Hong Kong customs seize 42 million US dollars in Megaupload raids
Jan 21, 2012, 10:32 GMT
Hong Kong - Customs offices in Hong Kong have raided offices and luxury residences across the city and seized alleged crime proceeds worth 42 million US dollars as part of the worldwide investigation into file-sharing site Megaupload, officials said Saturday.
Around 100 officers took part in the raids on Friday targeting four locations, which included offices and luxury hotel rooms.
In a statement, Hong Kong Customs said the hotel suites, which cost 100,000 Hong Kong dollars a day (12,000 US dollars), were being used as offices for a 'transnational syndicate' operating a cyberlocker - an internet storage site for digital files used for file-sharing.
They were equipped with large-scale high-speed servers and TV screens suspected to be connected with the case.
A number of people have been questioned and assets worth 330 million Hong Kong dollars have been frozen, read the statement.
Megaupload's website, which allows subscribers to download music, films and other digital files, was shut down Thursday by US authorities, who accuse it of being behind one of the largest cases of copyright theft ever.
Megaupload founder Kim Dotcom, also known as Kim Schmitz and Kim Tim Jim Vestor, is being held in New Zealand following a police raid there.
The 37-year-old German, who has New Zealand and Hong Kong residency, was denied bail with three other men on Friday when they appeared in court in Auckland. They are due back in court Monday.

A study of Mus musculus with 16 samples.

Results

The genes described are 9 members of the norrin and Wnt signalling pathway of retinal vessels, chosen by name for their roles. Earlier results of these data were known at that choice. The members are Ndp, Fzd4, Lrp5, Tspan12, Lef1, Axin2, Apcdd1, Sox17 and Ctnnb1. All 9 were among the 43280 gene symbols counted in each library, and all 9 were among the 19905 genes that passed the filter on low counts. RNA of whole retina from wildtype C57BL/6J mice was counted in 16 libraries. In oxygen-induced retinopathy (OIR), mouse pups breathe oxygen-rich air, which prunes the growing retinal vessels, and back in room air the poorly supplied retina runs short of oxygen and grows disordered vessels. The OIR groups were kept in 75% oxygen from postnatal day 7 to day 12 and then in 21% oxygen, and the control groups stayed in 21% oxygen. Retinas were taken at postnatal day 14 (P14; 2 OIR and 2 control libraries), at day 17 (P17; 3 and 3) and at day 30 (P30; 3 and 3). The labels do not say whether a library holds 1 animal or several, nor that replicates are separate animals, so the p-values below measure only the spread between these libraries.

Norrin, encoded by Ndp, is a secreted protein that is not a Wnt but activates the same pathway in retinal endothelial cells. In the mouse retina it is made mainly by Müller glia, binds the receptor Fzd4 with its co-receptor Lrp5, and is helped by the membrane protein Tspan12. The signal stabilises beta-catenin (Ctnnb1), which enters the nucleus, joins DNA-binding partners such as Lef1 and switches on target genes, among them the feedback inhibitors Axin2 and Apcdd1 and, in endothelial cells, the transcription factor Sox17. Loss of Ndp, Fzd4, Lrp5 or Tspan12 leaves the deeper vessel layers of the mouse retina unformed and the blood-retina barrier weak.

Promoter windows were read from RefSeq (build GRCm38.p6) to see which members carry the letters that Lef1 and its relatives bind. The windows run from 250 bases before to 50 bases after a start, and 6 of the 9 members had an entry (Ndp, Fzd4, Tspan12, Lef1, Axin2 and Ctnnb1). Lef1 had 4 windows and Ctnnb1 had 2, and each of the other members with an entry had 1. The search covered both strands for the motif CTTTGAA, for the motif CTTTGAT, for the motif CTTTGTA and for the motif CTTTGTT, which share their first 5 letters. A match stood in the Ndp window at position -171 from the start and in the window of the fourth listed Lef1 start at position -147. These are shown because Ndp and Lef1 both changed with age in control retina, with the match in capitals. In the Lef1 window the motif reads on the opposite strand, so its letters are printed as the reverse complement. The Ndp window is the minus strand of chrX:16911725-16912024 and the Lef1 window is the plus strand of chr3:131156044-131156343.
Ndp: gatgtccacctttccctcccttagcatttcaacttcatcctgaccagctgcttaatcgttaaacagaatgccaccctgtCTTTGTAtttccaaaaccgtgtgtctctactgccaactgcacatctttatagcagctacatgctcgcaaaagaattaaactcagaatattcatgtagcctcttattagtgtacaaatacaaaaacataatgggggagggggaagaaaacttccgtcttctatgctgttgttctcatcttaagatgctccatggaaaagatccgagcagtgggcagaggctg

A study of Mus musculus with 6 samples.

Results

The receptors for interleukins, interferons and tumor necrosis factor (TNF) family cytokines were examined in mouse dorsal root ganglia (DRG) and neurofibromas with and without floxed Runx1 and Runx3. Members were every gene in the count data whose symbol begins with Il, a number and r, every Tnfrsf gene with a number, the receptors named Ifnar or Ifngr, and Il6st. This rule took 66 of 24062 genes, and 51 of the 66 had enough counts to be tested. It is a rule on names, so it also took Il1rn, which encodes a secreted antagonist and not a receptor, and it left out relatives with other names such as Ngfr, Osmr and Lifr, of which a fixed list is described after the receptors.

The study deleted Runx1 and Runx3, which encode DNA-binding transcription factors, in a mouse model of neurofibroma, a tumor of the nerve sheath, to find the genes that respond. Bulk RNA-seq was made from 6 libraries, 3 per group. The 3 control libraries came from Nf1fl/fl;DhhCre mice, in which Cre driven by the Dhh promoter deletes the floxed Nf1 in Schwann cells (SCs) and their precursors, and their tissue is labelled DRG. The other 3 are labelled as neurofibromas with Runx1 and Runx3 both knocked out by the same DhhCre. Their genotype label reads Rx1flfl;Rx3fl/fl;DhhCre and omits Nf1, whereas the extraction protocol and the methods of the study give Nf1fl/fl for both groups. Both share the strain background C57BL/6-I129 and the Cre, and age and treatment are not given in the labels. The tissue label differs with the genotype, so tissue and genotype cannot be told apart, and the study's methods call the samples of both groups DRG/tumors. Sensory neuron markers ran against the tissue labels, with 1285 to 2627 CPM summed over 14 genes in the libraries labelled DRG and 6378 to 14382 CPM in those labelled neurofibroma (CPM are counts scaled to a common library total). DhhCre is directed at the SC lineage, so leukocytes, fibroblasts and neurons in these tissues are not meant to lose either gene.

Raids by New Zealand police resulted in the seizure of luxury cars worth 4.8 million US dollars from Dotcom's luxury home. These included a pink Cadillac and a Rolls Royce Phantom.
Dotcom is listed as the director of 10 Hong Kong limited companies, including Megaupload Ltd, which were all registered between 2002 and 2006, according to the government's Companies' Registry.
News reports claim Dotcom split his time between Hong Kong and Auckland, living an equally lavish lifestyle in each.
His home in Hong Kong was a luxury penthouse at the five-star Grand Hyatt where he lived with his wife, a former model from the Philippines, and his three children.
The South China Morning Post said he held lavish parties for his children and his staff included an entourage of drivers, bodyguards, chefs on call 24-hours a day, and four nannies.
The statement by Hong Kong Customs said officers from various departments had been conducting a joint investigation with the FBI since the end of 2010.
The alleged syndicate's main servers were located in the US, with a network of devices and servers in different jurisdictions, while registered companies and bank transactions were in Hong Kong, it said.